Sunday, February 7, 2016

My Philadelphia Inquirer Review Of 'The Letters Of Ernest Hemingway, 1926-1929'

The Philadelphia Inquirer published my review of The Letters Ernest Hemingway, 1926-1929, today.

Perhaps no 20th-century writer has had a greater influence than Ernest Hemingway. His novels, short stories, and journalism are penetrating and iconic; his personal life, thinly veiled in his fiction, was the stuff of drama and romance.
Hemingway was rich, famous, and beloved by millions of readers worldwide. He had the freedom to live and travel anywhere he wanted, and he hunted and fished around the world. As a writer, he covered wars, crime, sports, and any subject that interested him. Although his life ended in suicide, he otherwise led what was for many the quintessential writer's life.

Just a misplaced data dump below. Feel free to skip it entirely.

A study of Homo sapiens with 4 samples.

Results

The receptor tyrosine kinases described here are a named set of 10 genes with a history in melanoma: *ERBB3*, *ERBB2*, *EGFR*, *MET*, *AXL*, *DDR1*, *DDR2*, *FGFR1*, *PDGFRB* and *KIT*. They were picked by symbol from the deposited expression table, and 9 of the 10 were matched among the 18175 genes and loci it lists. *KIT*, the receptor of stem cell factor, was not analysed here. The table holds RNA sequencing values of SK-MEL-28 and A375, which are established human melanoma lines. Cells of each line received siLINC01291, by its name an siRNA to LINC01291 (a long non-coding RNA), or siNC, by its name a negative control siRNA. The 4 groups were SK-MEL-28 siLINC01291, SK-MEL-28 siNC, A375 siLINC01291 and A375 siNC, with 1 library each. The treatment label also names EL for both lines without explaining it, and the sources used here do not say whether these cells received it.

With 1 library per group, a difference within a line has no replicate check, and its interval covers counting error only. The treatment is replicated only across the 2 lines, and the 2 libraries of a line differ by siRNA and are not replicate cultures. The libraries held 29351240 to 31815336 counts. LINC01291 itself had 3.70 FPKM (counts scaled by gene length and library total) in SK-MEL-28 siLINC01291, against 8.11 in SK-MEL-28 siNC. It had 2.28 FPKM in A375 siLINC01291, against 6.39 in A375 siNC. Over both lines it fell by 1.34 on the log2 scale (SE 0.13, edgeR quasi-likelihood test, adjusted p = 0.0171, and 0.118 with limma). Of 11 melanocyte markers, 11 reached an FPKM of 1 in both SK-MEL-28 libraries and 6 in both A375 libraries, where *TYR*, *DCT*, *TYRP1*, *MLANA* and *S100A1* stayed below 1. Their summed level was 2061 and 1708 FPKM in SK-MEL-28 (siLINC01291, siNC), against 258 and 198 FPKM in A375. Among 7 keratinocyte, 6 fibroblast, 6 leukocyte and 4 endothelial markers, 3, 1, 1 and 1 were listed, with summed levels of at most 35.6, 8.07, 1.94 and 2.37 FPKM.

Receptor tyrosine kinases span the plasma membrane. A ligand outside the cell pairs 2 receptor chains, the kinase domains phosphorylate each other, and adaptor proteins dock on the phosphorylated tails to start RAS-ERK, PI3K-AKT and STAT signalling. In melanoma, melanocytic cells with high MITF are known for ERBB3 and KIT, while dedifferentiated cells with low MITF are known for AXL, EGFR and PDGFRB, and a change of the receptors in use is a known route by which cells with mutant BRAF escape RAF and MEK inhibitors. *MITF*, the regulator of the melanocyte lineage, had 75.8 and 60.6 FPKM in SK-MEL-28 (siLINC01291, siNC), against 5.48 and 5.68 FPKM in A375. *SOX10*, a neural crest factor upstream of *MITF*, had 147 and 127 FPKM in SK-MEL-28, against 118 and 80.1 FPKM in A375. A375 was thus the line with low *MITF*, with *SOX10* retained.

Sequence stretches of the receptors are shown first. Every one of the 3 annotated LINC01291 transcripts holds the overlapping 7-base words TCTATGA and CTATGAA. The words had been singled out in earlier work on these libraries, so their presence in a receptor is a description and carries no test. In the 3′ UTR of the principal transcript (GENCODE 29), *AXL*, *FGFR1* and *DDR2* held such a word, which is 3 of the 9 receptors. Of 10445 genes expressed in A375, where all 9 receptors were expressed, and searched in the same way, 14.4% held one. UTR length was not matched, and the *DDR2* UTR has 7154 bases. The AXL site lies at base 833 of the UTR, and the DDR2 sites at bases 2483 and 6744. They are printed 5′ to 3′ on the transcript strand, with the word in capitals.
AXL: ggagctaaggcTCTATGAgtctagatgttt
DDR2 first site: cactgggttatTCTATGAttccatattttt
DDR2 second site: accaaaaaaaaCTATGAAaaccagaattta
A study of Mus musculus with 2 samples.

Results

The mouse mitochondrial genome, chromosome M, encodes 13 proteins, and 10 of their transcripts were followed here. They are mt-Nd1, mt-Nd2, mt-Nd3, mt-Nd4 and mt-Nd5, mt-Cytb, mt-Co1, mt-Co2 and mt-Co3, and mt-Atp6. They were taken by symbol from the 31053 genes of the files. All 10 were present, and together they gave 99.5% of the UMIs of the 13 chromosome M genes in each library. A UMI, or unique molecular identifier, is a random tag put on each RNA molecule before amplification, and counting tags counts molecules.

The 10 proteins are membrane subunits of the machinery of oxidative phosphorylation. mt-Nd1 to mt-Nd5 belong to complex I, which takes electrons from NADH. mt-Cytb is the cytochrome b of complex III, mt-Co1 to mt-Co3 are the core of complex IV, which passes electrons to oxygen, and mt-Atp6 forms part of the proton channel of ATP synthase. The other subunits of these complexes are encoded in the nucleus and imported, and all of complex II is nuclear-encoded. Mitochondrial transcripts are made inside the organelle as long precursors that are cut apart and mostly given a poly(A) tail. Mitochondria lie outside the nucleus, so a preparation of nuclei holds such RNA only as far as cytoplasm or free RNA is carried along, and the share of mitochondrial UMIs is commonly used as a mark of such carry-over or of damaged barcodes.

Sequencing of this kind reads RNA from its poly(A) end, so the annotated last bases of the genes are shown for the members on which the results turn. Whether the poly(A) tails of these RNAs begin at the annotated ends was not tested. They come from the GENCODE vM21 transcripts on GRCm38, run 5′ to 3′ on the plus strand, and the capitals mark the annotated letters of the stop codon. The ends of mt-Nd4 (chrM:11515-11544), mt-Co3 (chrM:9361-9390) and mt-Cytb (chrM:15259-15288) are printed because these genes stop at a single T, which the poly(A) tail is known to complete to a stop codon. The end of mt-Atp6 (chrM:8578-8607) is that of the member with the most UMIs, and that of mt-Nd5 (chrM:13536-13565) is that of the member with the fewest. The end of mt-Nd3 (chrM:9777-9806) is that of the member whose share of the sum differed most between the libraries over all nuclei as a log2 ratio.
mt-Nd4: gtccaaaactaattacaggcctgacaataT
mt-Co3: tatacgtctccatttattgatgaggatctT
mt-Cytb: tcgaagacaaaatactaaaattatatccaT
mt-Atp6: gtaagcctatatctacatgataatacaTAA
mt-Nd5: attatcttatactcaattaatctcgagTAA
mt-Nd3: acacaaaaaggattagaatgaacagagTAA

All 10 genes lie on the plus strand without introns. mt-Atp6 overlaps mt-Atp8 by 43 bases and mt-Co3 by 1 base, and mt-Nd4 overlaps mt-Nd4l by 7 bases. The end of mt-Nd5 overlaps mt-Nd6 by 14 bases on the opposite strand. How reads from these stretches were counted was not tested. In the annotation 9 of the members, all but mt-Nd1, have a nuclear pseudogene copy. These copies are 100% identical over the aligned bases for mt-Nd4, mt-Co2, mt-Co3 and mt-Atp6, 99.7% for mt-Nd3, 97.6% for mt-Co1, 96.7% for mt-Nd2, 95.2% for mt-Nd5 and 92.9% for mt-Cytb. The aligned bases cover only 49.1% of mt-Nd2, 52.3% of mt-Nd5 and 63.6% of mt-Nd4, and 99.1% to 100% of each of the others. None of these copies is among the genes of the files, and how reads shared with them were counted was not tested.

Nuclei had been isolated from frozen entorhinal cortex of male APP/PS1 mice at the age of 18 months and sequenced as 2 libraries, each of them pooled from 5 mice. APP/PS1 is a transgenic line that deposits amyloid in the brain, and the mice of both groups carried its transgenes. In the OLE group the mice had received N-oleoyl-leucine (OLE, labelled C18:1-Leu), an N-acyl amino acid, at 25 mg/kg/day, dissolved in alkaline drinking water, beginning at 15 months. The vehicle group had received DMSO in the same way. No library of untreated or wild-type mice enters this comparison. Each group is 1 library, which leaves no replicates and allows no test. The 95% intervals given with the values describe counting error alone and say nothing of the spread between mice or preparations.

The Cambridge University edition's third volume of The Letters of Ernest Hemingway covers 1926 to 1929, years of ascent and recognition. By 1926, Hemingway was a rising star on the literary Left Bank in Paris. Editor Sandra Spanier notes that this volume traces his emergence from a group of post-World War I expatriate writers into the American mainstream.
... "Hemingway was no ordinary correspondent, but a gifted writer with exceptional skills of observation and unusual sensitivity to his times," editor Rena Sanderson notes. "One of the distinguishing characteristics of his early fiction is its contemporary quality - its depiction of modern life during the early 20th century. The letters, like his fiction, reflect his sharp eye, and capture an era." 

You can read the rest of the review below or via the below link:

Note: You can click on the above to enlarge.